Frequently Asked Questions regarding sleep apnea and CPAP therapy (FAQ)
Q. What is obstructive sleep apnea syndrome?
A. Apnea literally means “no breath”. Obstructive sleep apnea is a syndrome characterized by an obstruction of the upper airway repeatedly throughout sleep. It is serious, potentially life altering, and life threatening. It is both easily identified and effectively treated.
Q. What causes snoring?
A. It is a noise produced primarily when a patient inspires during sleep, due to vibration of the soft palate and other tissues in the upper airway. All snorers have incomplete obstruction of the upper airway.
Q. What causes my airway to collapse during sleep?
A. This can be caused by extra tissue in the back of the airway such as inflamed tissue to enlarged tonsils or adenoids. The tongue can fall back into the airway and help block it. Also a decrease in the tone of the upper airway muscles that help hold the airway open can cause sleep apnea.
Q. How common is obstructive sleep apnea?
A. OSA may affect as many as 20 million Americans. Some studies have suggested it is as common as adult asthma and approximately 80-90% of the population remains undiagnosed and untreated.
Q. What are the signs and symptoms of sleep apnea?
A. The most common symptoms are loud snoring, waking choking/gasping for air, witnessed apnea by a bed partner, daytime sleepiness, restless sleep, frequent a.m. headaches, hypertension, depression, obesity, sexual dysfunction, irritability, and large neck size (>17 in men & >16 in women).
Q. What should I do if I think I have obstructive sleep apnea syndrome?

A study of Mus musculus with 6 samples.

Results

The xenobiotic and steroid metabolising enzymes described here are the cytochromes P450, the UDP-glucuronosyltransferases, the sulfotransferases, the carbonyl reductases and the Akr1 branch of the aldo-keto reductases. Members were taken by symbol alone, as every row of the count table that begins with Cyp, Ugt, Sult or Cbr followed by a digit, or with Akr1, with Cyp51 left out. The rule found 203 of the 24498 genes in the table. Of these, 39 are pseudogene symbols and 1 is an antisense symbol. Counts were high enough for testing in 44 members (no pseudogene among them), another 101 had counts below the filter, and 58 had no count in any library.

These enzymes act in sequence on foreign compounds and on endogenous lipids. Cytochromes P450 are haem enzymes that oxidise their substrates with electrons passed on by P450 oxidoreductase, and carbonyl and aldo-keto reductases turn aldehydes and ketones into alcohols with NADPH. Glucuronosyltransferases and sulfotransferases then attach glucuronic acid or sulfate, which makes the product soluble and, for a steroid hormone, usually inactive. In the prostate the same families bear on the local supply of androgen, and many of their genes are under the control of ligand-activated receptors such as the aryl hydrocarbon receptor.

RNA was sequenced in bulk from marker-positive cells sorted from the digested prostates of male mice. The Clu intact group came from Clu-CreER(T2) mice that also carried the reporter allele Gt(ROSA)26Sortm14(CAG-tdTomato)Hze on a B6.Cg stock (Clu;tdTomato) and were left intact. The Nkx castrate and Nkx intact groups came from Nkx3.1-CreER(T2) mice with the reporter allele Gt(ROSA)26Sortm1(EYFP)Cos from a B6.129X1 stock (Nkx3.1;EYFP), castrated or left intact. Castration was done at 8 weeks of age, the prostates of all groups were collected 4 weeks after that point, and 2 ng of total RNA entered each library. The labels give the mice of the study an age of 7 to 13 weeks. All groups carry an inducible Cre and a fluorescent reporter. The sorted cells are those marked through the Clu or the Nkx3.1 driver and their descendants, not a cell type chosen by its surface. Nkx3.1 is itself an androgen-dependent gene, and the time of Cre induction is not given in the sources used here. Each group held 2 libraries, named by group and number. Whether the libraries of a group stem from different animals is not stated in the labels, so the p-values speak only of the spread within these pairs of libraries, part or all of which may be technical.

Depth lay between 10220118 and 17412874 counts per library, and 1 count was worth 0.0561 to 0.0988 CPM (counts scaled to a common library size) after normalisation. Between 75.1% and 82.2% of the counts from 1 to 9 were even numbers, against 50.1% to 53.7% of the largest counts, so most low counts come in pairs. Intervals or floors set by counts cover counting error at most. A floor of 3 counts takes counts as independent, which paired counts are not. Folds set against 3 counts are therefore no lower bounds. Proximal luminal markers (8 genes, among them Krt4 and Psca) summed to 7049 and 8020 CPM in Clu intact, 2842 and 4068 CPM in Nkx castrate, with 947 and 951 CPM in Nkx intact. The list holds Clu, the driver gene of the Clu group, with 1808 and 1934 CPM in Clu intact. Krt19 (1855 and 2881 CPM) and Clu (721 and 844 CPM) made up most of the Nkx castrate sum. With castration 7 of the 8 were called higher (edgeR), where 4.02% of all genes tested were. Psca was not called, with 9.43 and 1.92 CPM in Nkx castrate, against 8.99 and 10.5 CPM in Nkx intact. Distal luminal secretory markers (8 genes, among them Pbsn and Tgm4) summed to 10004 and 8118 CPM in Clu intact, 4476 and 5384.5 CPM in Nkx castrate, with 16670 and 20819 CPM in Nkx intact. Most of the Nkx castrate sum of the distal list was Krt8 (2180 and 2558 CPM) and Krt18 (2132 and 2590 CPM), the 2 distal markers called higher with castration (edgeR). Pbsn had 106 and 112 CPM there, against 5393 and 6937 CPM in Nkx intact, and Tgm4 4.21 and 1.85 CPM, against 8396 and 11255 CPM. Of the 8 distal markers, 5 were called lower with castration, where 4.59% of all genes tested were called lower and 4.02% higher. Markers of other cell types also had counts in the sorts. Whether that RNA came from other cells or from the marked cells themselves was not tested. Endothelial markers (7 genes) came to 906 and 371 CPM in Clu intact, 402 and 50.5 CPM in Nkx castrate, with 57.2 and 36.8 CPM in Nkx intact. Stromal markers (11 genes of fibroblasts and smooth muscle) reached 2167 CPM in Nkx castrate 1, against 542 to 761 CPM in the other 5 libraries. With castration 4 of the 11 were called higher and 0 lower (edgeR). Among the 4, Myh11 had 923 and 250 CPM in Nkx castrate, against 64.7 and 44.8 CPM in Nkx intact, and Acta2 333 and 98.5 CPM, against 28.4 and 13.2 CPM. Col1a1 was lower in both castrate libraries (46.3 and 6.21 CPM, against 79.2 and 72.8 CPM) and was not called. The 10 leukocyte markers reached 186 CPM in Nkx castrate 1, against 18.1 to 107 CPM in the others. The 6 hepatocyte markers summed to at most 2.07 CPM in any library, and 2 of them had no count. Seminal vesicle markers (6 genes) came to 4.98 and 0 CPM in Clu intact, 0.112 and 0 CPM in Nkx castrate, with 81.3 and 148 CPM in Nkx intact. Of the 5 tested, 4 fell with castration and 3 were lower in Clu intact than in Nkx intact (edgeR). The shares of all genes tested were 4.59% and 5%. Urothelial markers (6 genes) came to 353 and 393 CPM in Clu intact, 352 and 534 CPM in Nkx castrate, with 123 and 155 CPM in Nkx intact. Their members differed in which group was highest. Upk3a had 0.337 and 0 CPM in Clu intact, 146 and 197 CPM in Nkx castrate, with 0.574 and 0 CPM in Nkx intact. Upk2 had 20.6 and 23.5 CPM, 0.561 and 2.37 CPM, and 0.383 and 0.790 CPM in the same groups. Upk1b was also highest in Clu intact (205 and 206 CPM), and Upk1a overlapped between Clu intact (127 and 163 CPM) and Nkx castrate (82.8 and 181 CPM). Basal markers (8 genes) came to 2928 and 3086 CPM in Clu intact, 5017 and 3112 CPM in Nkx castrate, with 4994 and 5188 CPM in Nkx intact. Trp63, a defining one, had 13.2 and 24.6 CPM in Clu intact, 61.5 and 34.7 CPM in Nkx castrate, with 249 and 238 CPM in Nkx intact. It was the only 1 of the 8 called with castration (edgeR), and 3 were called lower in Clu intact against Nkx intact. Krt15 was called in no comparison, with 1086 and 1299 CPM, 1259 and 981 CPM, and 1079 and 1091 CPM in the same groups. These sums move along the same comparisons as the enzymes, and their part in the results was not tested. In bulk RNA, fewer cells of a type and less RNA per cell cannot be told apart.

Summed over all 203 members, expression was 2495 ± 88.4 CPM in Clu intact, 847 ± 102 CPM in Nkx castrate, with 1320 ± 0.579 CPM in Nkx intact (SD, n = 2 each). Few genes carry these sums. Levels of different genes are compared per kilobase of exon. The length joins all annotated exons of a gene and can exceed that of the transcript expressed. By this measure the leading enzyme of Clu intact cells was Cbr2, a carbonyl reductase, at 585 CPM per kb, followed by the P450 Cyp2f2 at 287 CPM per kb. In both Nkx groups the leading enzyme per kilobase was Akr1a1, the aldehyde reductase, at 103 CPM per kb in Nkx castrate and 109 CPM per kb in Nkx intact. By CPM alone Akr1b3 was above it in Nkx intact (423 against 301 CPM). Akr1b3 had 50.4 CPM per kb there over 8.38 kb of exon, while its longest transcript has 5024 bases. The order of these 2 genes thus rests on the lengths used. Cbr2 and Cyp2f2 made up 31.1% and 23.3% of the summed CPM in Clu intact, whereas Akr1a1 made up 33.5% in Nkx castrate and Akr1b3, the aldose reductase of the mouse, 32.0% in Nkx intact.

A. You should see your doctor and have him or her determine if you need a sleep study.
Q. What is the difference between a hospital based sleep study vs. a home study?
A. Typically in the hospital a technician will monitor you throughout the night and in addition to the parameters measured in a home study, they will also measure your brain waves and leg movements.
Q. How and why would I want to have a home-based study?
A. home-based studies are obviously performed in your home so that you will sleep as you are used to sleeping. This should allow for a more representative sleep study. You can do the study when it is convenient for you and it will most likely be more cost effective.
Q. Does a technician stay in my home and watch me sleep?
A. No, a technician only delivers the equipment to your home or office and shows you how to perform the hook-up and disconnect. If necessary, a technician can come at your bedtime and perform the actual hook-up. The hook-up takes less than ten minutes. If you live outside of San Diego, Sleep Data will arrange to have the recorder delivered and picked up from your home or office. An instructional video will provide you with everything you need to know.
Q. What if I don’t understand the directions for performing the sleep study?
A. A technician is available by pager 24 hours a day, seven days/week. This is a toll free number and most questions can easily be answered over the telephone.
Q. If I am diagnosed with sleep apnea, how long will I have to wait to get treated?
A. The final sleep apnea report will be faxed to your doctor within one week of testing. Once your doctor has the final report, he or she can prescribe the appropriate therapy.
Q. What is the treatment for sleep apnea?
A. The initial treatment of choice for OSAS for the vast majority of OSAS patients is nasal continuous positive airway pressure (CPAP). If tolerated, CPAP has very few side effects and can immediately improve OSAS symptoms. Learn more about other treatment options.
Q. How does a CPAP machine work?
A. CPAP works as a pneumatic splint by providing a flow of continuous positive air pressure through a nasal mask to keep the airway open during sleep. Hence, your breathing becomes regular and the snoring is eliminated. Some patients require a nasal-oral mask.
Q. What happens if I don’t get treatment for my sleep apnea? Can this be dangerous?
A. Yes. OSAS is associated with hypertension, accidents, stroke, heart disease, heart attack, and decreased quality of life.